Ellison said the misguided thinking is, "If we treat all of the soldiers like criminals, they can't commit crimes."
"Big Brother would be proud," he wrote.
Military officials defended the actions, given the rise in cases. The Pentagon report found a 6 percent increase in reported sexual assaults, or 3,374 cases, in fiscal year 2012 over the previous year. But officials believe the problem is far worse. Based on that number and anonymous surveys of service members, the Pentagon estimated the number of victims may be as high as 26,000.
More people are stepping forward after word spread about resources for victims, including a 24-hour hotline and expedited transfers from a unit after an abuse is reported. But the crime is still widely underreported because of fear of retaliation and other reasons, Pentagon officials said.
The Pentagon established its Sexual Assault Prevention and Response program eight years ago with the goal of reducing attacks through annual training and campaigns to encourage more reporting by victims. Since then, the number of reported cases has risen by 98 percent — which critics say shows the need for judicial reform.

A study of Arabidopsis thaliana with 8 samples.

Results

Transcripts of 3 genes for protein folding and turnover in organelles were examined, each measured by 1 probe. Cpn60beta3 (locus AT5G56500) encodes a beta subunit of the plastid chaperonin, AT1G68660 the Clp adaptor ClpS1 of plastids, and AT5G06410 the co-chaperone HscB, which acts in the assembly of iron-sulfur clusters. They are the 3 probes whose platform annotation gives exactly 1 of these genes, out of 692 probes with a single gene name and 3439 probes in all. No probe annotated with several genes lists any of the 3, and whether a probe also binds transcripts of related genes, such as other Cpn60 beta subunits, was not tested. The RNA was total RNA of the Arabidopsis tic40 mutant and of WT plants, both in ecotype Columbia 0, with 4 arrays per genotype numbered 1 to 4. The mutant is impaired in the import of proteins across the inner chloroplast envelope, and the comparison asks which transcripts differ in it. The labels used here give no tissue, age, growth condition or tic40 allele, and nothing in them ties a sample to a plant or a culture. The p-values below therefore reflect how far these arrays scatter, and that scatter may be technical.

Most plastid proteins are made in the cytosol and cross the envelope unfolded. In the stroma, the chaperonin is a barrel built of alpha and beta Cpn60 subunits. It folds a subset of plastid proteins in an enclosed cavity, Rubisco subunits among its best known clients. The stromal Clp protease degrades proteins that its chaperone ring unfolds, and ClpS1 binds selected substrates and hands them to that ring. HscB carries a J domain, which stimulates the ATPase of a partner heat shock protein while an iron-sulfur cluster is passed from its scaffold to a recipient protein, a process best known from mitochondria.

"Until there are structural changes, you're not going to train your way out of this epidemic," said Brian Purchia of Protect Our Defenders, a nonprofit that helps military sexual assault victims. "There needs to be actual punishment."
A sweeping defense bill approved by the U.S. House in June would impose new punishments, including requiring a mandatory minimum sentence of two years in prison for military personnel convicted of rape or sexual assault. The bill also would strip military commanders of the power to overturn convictions in those cases. The Senate is expected to take up the issue this fall.
Navy Lt. Cmdr. Nathan Christensen, a Pentagon spokesman, said Hagel has not ruled out any remedies but that "the key to preventing sexual assaults ... will be our commanders" and the standards they set.